Old Settlers Association

In 1879 a group of Grayson County settlers met in a walnut grove, some seven miles southwest of Sherman. Speeches by settlers who had come to Texas before and after statehood were listened to and applauded, especially those pertaining to early settlement and those reminiscent of the Confederacy. Before departing, the group formed "The Old Settlers Association of North Texas," a name borne until 1898 when the present name was adopted. In 1899 the Association purchased twenty-six acres in northeast Sherman, as a park for annual meetings. The park was paid for in part from funds donated by individuals who gave from $.25 to $1.00 toward the purchase. Additional funds were obtained by selling concession privileges at annual meetings during the early part of the twentieth century. Since 1921 the grounds have been leased to the City of Sherman and maintained as part of the city's park system. The Jesse Loving Auditorium, built and dedicated in 1923, has similarly been leased to a civic organization.

In more recent years, the Association has sought to foster an appreciation of the county's history through financial support of other organizations. This support has been in the form of grants to small county libraries for the purpose of acquiring historical resource materials, grants to local educational institutions for academic scholarships, and grants to local museums for special exhibitions and equipment.

Preservation of Minutes Project
At its December 2005 meeting trustees approved pursuance of a project looking toward preservation of the Association’s Minutes in a form which would make the Minutes easily accessible to those interested in the history of Grayson County in general and to the history of the Association in particular.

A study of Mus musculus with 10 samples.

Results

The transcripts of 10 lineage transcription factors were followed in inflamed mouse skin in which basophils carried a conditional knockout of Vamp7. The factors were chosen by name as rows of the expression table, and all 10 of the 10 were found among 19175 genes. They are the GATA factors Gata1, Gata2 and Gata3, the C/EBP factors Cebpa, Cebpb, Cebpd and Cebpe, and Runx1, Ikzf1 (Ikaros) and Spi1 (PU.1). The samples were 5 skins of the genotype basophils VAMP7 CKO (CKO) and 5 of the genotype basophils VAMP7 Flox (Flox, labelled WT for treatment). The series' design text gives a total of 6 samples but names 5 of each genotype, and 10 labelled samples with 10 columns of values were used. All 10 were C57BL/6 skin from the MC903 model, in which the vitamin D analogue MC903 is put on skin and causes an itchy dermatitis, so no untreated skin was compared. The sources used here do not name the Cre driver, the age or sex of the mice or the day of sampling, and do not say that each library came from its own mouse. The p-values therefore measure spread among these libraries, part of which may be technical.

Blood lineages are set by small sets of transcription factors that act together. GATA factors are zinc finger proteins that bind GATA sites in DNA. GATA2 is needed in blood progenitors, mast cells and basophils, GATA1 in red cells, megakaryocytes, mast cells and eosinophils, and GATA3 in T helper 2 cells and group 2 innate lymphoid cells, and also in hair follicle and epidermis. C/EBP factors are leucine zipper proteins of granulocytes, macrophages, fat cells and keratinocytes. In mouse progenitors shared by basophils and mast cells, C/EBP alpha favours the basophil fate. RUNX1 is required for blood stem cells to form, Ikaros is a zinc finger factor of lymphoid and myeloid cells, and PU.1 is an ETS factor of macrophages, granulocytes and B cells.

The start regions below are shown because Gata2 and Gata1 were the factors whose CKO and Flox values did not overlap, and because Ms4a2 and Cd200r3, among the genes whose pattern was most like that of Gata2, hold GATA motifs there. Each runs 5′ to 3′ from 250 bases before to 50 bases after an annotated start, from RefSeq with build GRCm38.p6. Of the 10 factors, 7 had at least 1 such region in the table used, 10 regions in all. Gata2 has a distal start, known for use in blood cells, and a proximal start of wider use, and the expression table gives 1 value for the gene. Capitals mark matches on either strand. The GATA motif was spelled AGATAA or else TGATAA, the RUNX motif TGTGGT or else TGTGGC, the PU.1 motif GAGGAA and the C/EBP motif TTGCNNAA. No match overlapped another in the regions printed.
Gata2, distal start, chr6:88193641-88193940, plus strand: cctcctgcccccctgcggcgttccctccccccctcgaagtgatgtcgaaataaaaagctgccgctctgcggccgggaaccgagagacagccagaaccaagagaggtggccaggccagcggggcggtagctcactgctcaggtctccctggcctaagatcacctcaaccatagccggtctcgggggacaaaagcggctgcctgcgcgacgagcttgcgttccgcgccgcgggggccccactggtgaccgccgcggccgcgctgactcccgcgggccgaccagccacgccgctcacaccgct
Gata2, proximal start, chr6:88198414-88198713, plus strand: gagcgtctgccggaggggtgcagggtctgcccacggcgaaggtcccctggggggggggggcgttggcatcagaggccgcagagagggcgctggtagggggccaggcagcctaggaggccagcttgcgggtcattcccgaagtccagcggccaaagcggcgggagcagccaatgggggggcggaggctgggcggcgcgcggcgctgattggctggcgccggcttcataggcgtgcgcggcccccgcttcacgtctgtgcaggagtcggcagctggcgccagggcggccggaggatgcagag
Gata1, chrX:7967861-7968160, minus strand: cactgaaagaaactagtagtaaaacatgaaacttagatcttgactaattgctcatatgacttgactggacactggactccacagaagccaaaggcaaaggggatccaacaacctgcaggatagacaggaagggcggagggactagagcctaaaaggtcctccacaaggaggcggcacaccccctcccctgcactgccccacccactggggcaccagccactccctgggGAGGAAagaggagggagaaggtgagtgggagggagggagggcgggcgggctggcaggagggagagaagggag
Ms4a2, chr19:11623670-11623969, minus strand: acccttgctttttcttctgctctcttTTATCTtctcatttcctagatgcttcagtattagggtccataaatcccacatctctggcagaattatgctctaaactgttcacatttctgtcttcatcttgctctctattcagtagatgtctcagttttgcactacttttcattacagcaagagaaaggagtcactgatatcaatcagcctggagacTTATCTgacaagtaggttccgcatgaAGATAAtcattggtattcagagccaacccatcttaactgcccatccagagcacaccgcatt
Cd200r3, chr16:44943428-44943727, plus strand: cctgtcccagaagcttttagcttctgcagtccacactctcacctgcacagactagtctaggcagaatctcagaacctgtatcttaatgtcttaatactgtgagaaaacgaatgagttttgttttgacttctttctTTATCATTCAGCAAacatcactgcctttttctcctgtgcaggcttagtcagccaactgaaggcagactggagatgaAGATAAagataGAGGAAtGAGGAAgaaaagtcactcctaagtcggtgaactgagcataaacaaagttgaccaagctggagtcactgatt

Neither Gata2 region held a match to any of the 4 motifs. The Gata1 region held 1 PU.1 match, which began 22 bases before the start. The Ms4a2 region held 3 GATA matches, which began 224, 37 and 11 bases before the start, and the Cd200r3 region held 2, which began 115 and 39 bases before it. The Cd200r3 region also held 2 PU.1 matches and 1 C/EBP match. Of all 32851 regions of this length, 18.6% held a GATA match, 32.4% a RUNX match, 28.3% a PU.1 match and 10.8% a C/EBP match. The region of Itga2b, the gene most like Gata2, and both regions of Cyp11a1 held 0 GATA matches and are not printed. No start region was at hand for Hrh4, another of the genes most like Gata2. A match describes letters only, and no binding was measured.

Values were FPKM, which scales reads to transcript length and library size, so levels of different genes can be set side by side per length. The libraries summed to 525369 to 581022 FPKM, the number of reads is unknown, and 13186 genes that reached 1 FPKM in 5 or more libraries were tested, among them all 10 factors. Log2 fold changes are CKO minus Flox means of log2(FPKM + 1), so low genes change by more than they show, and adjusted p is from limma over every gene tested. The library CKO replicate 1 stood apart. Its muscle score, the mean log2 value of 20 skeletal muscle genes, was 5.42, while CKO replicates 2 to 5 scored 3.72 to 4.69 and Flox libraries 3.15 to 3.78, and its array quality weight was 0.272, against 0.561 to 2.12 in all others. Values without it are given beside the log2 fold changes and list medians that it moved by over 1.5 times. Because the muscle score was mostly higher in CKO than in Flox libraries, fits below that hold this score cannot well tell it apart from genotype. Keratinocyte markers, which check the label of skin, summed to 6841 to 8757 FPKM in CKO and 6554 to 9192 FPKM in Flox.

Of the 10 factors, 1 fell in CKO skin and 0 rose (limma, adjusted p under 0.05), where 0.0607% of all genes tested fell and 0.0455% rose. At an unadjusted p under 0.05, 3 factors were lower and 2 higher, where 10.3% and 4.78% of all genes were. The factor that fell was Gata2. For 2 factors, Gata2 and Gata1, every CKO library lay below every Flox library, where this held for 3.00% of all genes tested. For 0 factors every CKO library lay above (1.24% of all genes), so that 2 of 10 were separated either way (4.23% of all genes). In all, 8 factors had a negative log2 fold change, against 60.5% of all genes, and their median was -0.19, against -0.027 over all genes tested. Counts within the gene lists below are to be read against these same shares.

The head librarian at Austin College recommended, after reviewing microfilming and “cd” possibilities, that, given modem technology, we investigate the possibility of arranging for the Minutes to be digitized. Fortunately, a former AC assistant librarian, Ms. Cathy Hartman, had become director of the Digital and Information Technologies program at the University of North Texas. Ms. Hartman strongly supported the idea of digitizing our Minutes and referred us to Ms. Dreanna Belden, coordinator of the digitizing program. The latter explained the program in detail, pointing out that our Minutes could be included on UNT’s “The Portal To Texas History website. Inclusion of our Minutes on “The Portal” essentially meant that our Minutes would be available (anytime, anywhere) to anyone interested in our Association’s history. If we notify all libraries in Grayson County of the website, they, in turn, could direct researchers to “The Portal”

The estimated cost of “1000 or slightly less” for digitizing our Minutes appeared reasonable. Accordingly, all our Minutes were “hand delivered” to UNT (the program is housed in the main library). Digitizing was completed and our Minutes are now to be found on the TINT website.’

Now that our Minutes are preserved in a form other than in the Association’s records the question arises as to what we should do with the original copies of our minutes. One possibility is to convey them to the Red River Historical Museum. The museum’s records of this nature are organized, encased protectively, placed in climate-controlled storage, and made available to researchers only in a supervised context. Heretofore the Minutes have been stored in a bank safe-deposit box. Aside from the Corporate Seal, they have constituted the sole item placed in bank safe-keeping; by placing them elsewhere we would no longer need to rent a safe-deposit box.